The National Broadband Network has finally surfaced here in Anglesea. And the Internet Service Providers are touting their offerings.
Sadly, it is fiber to the node as opposed to fiber to the premises. So I am restricted by the copper wire that runs from the NBN node at the end of my street to my home.
While an army of men on 457 visas were installing the NBN, my home telephone was disconnected twice, both times for 5 days.
This morning I checked out Telstra’s NBN plans.
Telstra are offering me a slight reduction as compared to my current plan but it isn’t enough to sway me. I have to use their Technicolour modem which is really a Thomson modem. I have never liked the Thomson modems. It also means that my telephone landline will operate through the modem so I will not be able to use an ordinary handset plugged in to a Telstra phone socket.
Currently I have two Netgear N600 modems so if my modem hiccups, I can immediately switch to the other modem. If the Telstra Technicolour NBN modem hiccups, I will be dependent on Telstra and history tells me that is not wise.
I am currently getting about 13mbps download speed with my ADSL connection. The NBN plan offers 25mbps although they promise faster speeds if I pay extra per month.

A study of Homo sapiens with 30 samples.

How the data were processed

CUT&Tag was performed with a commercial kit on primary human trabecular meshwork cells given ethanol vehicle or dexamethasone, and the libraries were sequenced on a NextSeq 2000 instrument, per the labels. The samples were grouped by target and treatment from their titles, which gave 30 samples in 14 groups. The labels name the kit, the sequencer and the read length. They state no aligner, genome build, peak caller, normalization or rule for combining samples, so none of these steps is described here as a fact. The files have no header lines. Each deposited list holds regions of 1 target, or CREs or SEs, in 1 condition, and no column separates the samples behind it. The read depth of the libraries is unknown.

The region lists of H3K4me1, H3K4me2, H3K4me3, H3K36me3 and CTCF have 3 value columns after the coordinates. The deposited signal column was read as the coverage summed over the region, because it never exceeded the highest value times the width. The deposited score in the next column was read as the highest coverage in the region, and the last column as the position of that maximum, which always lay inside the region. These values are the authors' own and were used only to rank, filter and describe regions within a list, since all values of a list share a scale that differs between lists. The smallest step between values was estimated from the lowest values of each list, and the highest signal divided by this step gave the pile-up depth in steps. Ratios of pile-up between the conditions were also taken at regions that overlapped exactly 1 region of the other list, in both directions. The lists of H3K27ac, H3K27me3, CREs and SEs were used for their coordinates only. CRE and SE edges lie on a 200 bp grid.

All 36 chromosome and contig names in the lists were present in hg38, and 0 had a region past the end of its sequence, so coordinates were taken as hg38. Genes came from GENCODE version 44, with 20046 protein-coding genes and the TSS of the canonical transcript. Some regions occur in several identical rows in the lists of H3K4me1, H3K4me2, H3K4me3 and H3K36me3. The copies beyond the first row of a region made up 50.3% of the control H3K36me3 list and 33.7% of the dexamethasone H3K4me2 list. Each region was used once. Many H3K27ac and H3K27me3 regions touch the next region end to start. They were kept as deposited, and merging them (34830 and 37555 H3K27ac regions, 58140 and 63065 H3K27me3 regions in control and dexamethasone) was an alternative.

Telstra doesn’t have a good history when it comes to protecting download speeds. Sometime ago I found that my ADSL speed was around 4mbps download speed and it was frustrating me in my work. I rang 13 3933 to complain and was advised by the Filipino support person that it was caused by congestion in the Anglesea telephone exchange and that there were no plans at that stage to address it. That didn’t impress me at all so I wrote a letter to the CEO of Telstra and told him what I thought. Within a week, I was up to about 13mbps downloads.
For what I am currently doing at the moment with my genealogy projects, 13mbps or thereabouts is quite adequate, so I see no need to change something that isn’t broken.